ALBANY, N.Y. (June 25, 2019) - The number of women who die during childbirth is on the rise across the country, and a School of Public Health (SPH) team has joined the many forces working to help change that course in New York.

The SPH-based Maternal and Child Health (MCH) Program, led by Christine Bozlak and Rachel de Long, was awarded $150,000 from the New York State Legislature this past year to fund research and statewide education on maternal mortality.

Sonogram picture
In New York, approximately 19 out of every 100,000 women died from complications related to childbirth from 2012-2016. Faculty from the School of Public Health are part of the movement working to decrease that number in the future.

According to the Pew Research Center, the United States has been a notable outlier in the steady decline of maternal mortality seen in other parts of the world. While the rate of death related to pregnancy has declined in Canada, the United Kingdom and other developed nations, the rate has increased in the United States, giving it the worst rate of maternal deaths in the developed world. In New York, approximately 19 out of every 100,000 women died from complications related to childbirth from 2012-2016 according to the New York State Department of Health (DOH). Moreover, maternal death rates are disproportionately high among black women both in New York and nationally, noted de Long and Bozlak.

“There’s a real health disparity component at play here – black women in New York are three to four times more likely to die from causes related to pregnancy compared to white women,” said Bozlak, an associate professor.

Both health care and public health communities have mobilized to respond to these alarming trends, with efforts spanning public health agencies, professional medical organizations, community-based organizations, researchers and others, Bozlak and de Long note. In 2018, Governor Cuomo created the Taskforce on Maternal Mortality and Disparate Racial Outcomes as part of a multi-pronged effort to reduce maternal mortality and racial disparities and has committed $8M over two years in the 2019-2020 Executive Budget to fund these important initiatives. Additionally, the state senate has addressed maternal health as part of a larger legislative Women’s Health Initiative, including the $150,000 award to the MCH program at SPH to help explore and address the issue.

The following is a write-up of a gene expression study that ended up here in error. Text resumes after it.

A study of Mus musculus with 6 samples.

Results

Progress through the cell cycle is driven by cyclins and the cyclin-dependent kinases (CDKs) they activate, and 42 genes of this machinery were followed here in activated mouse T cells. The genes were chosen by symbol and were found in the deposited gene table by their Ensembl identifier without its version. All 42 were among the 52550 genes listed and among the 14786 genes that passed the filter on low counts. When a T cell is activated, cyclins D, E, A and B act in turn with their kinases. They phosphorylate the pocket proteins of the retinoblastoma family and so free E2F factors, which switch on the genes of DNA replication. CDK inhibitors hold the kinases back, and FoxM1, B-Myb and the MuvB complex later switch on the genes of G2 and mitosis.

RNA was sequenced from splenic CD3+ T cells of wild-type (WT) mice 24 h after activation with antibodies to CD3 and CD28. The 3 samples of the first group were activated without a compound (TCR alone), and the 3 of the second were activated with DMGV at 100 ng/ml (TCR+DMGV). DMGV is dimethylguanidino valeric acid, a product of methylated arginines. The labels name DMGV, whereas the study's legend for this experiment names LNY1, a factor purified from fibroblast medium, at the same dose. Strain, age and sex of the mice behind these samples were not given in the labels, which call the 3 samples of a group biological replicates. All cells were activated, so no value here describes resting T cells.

Bozlak and de Long, a clinical associate professor, partnered with the SPH-based Center for Public Health Continuing Education and the DOH’s Division of Family Health to produce a special edition of Public Health Live! that was webcast to almost 1,000 health professionals and other participants. The webcast focused on the importance of engaging women and families from affected communities in order to develop initiatives, community approaches and changes to clinical systems that are responsive to their concerns – including concerns about bias and racism. It featured participants from recent community listening sessions held with women across New York as part of the Governor’s Task Force.

“A key component of this Public Health Live! was listening to community members about their experiences and ideas,” said de Long. “The more health care and public health professionals are aware of the concerns being voiced by women of color, and the more we all learn about efforts to be responsive to those concerns, the better we can address this devastating problem in New York and nationally.”

The project team also used the funding to support SPH faculty research on maternal health, and to enhance an array of prevention activities already underway in New York to promote women’s health and reduce maternal mortality. In the spring semester, six graduate students worked directly with DOH to gather and analyze data on maternal deaths, implement collaborative projects to improve the quality of care in birthing hospitals and support community-based public health prevention initiatives serving low-income women and infants.

Moving forward, the MCH Program will continue to partner with DOH and other key stakeholders to support women’s health while also contributing to the development of the next generation of public health professionals.

“This emerging generation of the MCH workforce is critical to addressing these pressing MCH issues, such as maternal mortality, and the University at Albany is poised to be a leader in their professional development,” said Bozlak.